Wednesday, October 8, 2008

Quote of the Day: Aeschylus' "Agamemnon" 1560-66

I am about to teach Aeschylus' trilogy, the Oresteia, which is actually the only tragic trilogy proper that has survived from antiquity. The basic story is that Agamemnon, on his way to Troy, sacrificed his daughter, Iphigenia, in order to assuage the anger of Artemis, who, along with her brother Apollo, favored the Trojans. In response, when he returned home ten years later, his wife Clytemnestra, and her lover, Aegisthus, murdered him. Yet, in response to that, Orestes, the son of Clytemnestra and Agamemnon avenged his father's death by killing his mother. In turn, the Furies, who punished those who killed a blood relative, sought to punish Orestes. In the end, Orestes lands in Athens as he runs from the Furies. There, Athena, in a new form of justice, decides the case by a judicial court. So, we move from archaic "eye for an eye" justice to new judicial systems represented by the emergent democratic city-state.

The Chorus, in the "Agememnon," the first of the three plays, responds to Agamemnon's death and trying to grasp the limits of the older form of justice by revenge:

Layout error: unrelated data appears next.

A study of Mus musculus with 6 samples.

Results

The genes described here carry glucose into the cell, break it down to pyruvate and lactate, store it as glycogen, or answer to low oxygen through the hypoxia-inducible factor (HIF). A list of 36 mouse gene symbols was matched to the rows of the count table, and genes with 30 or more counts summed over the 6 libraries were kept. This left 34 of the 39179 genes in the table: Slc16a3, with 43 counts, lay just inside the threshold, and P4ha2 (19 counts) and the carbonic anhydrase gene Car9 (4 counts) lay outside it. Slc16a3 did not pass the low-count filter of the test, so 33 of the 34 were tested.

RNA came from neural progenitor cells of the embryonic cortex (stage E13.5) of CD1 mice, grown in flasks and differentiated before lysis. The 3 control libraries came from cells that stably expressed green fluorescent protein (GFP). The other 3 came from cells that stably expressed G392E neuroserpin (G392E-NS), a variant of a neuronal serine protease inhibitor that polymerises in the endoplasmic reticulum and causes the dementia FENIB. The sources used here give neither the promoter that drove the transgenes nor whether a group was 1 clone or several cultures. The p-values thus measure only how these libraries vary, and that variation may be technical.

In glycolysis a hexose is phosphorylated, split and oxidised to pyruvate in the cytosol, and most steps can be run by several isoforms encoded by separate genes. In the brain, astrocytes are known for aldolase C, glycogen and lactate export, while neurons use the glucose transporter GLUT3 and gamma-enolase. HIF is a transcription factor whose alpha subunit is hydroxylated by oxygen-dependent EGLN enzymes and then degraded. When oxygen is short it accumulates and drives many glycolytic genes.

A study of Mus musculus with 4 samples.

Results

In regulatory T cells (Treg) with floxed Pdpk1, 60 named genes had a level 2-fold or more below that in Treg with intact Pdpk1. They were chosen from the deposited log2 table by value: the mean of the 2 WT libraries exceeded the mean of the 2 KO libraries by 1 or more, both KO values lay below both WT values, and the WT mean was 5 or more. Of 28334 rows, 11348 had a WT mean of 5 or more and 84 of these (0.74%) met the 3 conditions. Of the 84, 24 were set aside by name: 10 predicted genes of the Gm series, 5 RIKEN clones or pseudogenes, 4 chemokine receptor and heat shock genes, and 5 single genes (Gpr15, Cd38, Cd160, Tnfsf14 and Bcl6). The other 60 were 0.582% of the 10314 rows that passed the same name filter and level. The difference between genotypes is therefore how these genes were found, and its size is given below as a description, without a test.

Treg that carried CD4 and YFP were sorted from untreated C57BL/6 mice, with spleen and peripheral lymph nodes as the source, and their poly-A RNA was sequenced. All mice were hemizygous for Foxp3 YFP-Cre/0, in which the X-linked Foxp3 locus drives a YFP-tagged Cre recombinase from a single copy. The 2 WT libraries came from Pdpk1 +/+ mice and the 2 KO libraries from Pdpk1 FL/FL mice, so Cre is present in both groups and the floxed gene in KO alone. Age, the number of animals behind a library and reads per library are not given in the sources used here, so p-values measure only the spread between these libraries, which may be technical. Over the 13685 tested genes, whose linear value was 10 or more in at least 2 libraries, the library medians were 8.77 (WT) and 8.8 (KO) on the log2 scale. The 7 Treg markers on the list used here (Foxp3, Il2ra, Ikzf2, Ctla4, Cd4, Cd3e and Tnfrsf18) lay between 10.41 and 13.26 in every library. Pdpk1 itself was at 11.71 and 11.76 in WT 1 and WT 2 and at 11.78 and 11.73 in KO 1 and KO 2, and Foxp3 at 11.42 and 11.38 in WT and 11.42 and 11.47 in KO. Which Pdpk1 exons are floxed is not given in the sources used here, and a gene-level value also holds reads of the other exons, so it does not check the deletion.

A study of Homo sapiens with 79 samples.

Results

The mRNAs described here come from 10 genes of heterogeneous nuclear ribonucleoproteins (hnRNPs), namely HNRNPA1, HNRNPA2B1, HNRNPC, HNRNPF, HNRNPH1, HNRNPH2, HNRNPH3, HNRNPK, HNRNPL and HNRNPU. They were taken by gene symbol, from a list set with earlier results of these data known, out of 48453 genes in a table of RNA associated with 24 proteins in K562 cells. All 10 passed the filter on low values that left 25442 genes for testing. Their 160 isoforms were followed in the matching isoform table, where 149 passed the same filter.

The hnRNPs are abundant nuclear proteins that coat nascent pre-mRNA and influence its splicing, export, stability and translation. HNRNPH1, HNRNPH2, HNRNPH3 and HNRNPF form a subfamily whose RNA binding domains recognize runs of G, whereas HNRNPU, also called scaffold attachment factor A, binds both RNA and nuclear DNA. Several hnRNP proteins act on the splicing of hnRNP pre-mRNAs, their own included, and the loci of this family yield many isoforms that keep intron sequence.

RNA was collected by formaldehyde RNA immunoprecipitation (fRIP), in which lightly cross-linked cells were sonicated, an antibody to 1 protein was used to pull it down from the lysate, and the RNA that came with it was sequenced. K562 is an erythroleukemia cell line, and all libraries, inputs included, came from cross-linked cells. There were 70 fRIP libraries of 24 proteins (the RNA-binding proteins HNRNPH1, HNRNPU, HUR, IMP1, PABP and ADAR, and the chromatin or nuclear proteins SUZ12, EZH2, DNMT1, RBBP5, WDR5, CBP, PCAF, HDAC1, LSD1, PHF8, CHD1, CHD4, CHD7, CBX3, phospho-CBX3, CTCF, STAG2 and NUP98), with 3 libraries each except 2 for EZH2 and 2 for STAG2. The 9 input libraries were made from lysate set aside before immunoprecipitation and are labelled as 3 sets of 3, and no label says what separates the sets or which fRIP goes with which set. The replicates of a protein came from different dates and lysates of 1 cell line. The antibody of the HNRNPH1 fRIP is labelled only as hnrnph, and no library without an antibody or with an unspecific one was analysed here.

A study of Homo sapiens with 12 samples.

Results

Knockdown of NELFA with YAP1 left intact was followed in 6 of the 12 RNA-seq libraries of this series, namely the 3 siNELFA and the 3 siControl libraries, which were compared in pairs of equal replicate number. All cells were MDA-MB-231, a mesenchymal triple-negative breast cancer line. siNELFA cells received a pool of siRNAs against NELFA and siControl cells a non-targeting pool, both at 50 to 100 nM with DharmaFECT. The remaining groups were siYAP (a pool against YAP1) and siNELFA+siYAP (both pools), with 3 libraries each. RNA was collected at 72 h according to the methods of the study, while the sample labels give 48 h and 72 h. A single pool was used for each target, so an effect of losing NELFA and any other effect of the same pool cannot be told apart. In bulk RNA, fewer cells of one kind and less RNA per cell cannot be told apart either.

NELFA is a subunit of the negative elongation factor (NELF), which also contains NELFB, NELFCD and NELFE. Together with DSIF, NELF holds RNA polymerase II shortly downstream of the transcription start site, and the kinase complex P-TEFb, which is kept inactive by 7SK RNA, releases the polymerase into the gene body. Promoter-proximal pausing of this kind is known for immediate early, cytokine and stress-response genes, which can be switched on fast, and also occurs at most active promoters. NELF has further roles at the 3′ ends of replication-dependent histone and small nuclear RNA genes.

Here is anger for anger. Between them
who shall judge lightly?
The spoiler is robbed; he killed, he has paid.
The truth stands ever beside God's throne
eternal: he who has wrought shall pay; that is law.
Then who shall tear the curse from their blood?
The seed is stiffened to ruin. (Aeschylus, Agamemnon

The chorus recognizes the legitimacy of the older justice of blood for blood, anger for anger, sword for sword. But asks a question: "Then who shall tear the curse from their blood?" When, indeed, does the cycle of revenge and counter-vengence ever stop in an ever devolving spiral of violence?

1 comment:

Angie Van De Merwe said...

No there is no stopping of human violence. It is the way that things are.'

In Christian circles it is no different because there is always "hell to pay" or "heaven to get" that determines how one earns heaven or relationships are reconciled, so hell won't have to be paid.

There is no unconditional acceptance or love in this life. You earn what you get, because one reaps what he sows. Grace is upon all, but we must be responsive to continue to be blessed by it. Acceptance or fitting in is always about performance, conformity, duty, and penance. And even grace, love and other sentimental sentiments are too "ideal" for the "real world" of Christian living...Love is for family, that is, if you are lucky.